When Isaac Newton proposed his law of universal gravitation in the 17th century, he had not invented gravity—he had merely discovered it. Gravity is a force that has been dictating the movement of physical bodies since the beginning of time. Once he understood this, Isaac Newton was able to articulate a principle, thus describing a force through which God directs the world.
We naturally live in accordance with the laws of physics, such as gravity. It is obvious to us all that it would be absurd for us to oppose them. But whether or not we accept gravity does not make a difference to its existence nor to its influence upon us; gravity does not ask our opinion. It was, is and will be. To deny it and try to live against this or any other physical principle is akin to committing suicide.
But if there are physical principles that govern our existence, perhaps there are also spiritual/moral principles. And just maybe, as definitive as the law of gravity, the laws of conservation of mass and energy, etc., there are moral spiritual laws.
Are morals and ethics a matter of consensus or social contract, or are they established laws of the universe? Before you answer, think of it this way: If Adolf Hilter had convinced the entire world that it is right to murder Jews, and in a democratic referendum the whole world voted that it is right to murder the Jews, would that have made it good and right? Or would it have been wrong no matter what? Does the majority rule in all matters?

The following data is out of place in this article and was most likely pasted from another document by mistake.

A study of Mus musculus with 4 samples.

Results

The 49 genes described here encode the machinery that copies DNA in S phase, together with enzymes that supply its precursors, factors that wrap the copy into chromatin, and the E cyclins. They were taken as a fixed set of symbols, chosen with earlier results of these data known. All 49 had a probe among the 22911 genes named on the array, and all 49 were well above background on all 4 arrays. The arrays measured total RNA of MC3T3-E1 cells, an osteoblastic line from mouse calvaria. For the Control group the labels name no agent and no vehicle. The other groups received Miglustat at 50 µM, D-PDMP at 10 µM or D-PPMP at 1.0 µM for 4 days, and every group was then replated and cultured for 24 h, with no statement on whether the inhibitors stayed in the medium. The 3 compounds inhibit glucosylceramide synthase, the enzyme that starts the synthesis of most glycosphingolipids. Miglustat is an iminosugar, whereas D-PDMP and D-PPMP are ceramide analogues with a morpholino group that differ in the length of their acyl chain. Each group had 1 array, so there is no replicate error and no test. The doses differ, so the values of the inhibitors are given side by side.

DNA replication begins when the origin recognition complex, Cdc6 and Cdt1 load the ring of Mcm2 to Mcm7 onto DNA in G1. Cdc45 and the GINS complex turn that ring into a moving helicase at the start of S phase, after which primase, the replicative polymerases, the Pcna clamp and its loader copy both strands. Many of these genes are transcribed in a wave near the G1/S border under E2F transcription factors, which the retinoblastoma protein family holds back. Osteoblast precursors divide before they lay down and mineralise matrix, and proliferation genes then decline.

Judaism teaches that the spiritual and moral dimension of life is no different than the physical dimension. And, like gravity and other laws of nature, there are spiritual and ethical laws, which govern the nature of our spiritual life. And these laws have been guiding the universe since its very inception.
Judaism teaches that God created the world in accordance to the principles and laws spelled out in the Torah. It also states that Adam and Eve were originally naturally in sync with the flow of life. They intuited the laws of the Torah but the snake confused them, and they lost their natural connection. During the time of Noah there was a possibility for a mass revelation of the Torah’s eternal laws but that generation was not ready or willing. Abraham was so attuned to his soul and the inner core of all being, that he intuitively followed the details of Torah law. In fact, we all know the Torah—it is encoded in our souls—but we forget it as soon as we are born, when we become preoccupied with the needs and wants of our bodies. Therefore, 3,300 years ago, when the entire Jewish people stood at Mt. Sinai, waiting for a revelation of the Torah, they already knew it subconsciously.
At Sinai that subconscious knowledge became conscious. The universal principles of spirituality, morality and ethics were revealed to them, along with specific instructions regarding the particular Jewish role and responsibility in the scheme of creation. The Torah they received contained the Divine principles and laws that had always directed life. But it was only then that the Jewish people were ready and willing to accept them.